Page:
Updated: Oct 13, 2020
Hulu’s Books of Blood is profoundly disappointing.
While it borrows its title from the series of anthology novels penned by Clive Barker, this omnibus film barely resembles its source material in terms of its tone, style, and themes. For one thing, it is both quite chaste and rather... well, bloodless. This is totally contrary to the spirit of Barker’s work; in the relentlessly bleak worlds that emerge from his twisted imagination, violence is inherently sexual and sex is inherently violent (see Hellraiser). There’s no perverse fascination with the morbid and grotesque here, though—just cheap jump scares and generically spooky shadows.
Barker also excels at juxtaposing the fears and anxieties of everyday life with the incomprehensible horror of the supernatural (again, see Hellraiser). In this shallow adaptation, however, the paranormal is dragged down to the level of the mundane; the motivations and machinations of every ghost and ghoul are meticulously explained and demystified, utterly robbing them of their power to terrify. The blame for this particular shortcoming likely lies with writer/director Brannon Braga, who is accustomed to operating in the more exposition-heavy genre of science fiction.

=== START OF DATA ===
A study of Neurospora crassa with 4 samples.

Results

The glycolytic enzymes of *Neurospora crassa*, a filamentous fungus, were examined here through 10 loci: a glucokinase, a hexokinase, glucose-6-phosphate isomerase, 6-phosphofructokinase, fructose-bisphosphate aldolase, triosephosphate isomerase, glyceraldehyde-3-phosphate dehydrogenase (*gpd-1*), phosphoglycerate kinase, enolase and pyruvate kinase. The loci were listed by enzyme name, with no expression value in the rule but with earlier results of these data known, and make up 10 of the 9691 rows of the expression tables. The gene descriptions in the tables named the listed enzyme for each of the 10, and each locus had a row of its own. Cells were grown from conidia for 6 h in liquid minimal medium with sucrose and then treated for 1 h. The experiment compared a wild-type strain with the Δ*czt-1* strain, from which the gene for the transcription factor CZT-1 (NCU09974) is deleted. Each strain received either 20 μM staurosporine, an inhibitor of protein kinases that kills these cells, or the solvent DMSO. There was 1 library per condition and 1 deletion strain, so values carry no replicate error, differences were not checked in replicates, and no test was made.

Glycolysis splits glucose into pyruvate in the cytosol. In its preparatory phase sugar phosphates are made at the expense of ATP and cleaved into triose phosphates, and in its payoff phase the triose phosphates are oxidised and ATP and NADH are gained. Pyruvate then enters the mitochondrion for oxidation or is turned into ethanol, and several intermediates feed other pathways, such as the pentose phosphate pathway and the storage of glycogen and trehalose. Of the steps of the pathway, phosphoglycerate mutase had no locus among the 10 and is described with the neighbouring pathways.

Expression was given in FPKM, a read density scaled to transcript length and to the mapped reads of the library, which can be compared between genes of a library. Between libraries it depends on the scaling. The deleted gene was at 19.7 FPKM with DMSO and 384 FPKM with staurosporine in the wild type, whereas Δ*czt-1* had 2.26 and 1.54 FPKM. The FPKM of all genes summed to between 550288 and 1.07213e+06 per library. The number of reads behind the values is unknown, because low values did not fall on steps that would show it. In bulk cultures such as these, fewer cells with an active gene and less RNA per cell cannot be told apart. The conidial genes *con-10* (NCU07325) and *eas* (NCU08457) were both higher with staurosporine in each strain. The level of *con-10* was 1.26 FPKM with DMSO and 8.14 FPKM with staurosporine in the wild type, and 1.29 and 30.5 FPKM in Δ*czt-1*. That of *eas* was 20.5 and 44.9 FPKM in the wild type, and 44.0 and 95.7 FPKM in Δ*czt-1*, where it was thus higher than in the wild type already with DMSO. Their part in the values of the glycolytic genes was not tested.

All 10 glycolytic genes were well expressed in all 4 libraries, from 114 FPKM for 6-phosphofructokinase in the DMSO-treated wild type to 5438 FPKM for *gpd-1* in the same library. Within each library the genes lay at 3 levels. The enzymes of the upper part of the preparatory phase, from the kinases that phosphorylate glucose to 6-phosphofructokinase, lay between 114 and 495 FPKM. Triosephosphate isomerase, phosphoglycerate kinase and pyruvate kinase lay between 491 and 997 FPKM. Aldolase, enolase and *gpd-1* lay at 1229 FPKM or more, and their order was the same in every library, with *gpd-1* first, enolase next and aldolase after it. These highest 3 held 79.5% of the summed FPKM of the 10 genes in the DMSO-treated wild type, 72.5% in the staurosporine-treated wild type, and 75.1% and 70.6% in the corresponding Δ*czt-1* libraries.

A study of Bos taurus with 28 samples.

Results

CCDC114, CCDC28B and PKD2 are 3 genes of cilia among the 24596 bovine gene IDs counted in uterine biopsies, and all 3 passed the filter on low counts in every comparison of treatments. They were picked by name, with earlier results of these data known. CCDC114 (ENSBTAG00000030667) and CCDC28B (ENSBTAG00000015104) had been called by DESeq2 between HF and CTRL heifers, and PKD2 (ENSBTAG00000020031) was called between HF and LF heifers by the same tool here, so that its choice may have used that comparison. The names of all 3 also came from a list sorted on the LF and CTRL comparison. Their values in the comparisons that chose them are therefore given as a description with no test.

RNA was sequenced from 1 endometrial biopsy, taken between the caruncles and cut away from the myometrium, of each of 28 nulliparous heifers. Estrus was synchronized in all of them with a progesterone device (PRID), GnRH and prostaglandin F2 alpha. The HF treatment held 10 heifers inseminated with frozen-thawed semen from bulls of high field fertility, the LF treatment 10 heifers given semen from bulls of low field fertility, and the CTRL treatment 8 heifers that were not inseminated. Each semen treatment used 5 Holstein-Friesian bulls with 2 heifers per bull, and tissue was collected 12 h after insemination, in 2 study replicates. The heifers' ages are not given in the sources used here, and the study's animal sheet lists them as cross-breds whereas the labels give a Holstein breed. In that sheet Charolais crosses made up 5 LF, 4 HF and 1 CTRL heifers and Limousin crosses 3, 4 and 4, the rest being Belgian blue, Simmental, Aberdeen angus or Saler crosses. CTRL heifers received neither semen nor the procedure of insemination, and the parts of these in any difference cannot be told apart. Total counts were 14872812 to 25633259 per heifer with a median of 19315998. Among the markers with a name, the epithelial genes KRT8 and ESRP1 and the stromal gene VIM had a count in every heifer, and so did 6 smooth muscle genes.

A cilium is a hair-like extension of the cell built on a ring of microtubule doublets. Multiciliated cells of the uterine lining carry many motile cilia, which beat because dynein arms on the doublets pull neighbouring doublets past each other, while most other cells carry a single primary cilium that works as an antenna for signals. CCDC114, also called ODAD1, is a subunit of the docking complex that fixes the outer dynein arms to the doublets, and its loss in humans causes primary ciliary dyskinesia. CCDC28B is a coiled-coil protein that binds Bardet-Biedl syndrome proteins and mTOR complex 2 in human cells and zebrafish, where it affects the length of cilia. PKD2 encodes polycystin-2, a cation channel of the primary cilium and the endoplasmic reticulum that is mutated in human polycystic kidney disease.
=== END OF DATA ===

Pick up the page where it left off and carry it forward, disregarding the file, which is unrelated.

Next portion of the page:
Even the plot owes very little to Barker. Only one of the movie’s three episodes is actually based on a short story found in the original Books of Blood (and it is, appropriately enough, the best of the bunch); the remaining two vignettes are occasionally evocative, but ultimately feel incomplete and unsatisfying (it certainly doesn’t help that the narrative structure is so needlessly convoluted, tying itself into knots in a misguided effort to emulate Pulp Fiction). Of course, this “creative choice” probably arose from necessity: Hollywood has already thoroughly exploited Barker’s intellectual property ("Rawhead Rex”, “Dread”, “The Forbidden”, “The Midnight Meat Train"), which presumably makes navigating the labyrinth of licensing rights a legal nightmare. Still, there’s plenty of untapped potential amidst the author’s extensive literary output—"Confessions of a (Pornographer’s) Shroud”, “Jacqueline Ess: Her Will and Testament”, “Son of Celluloid”, “Hell’s Event"—and it’s a shame to see that opportunity go to waste.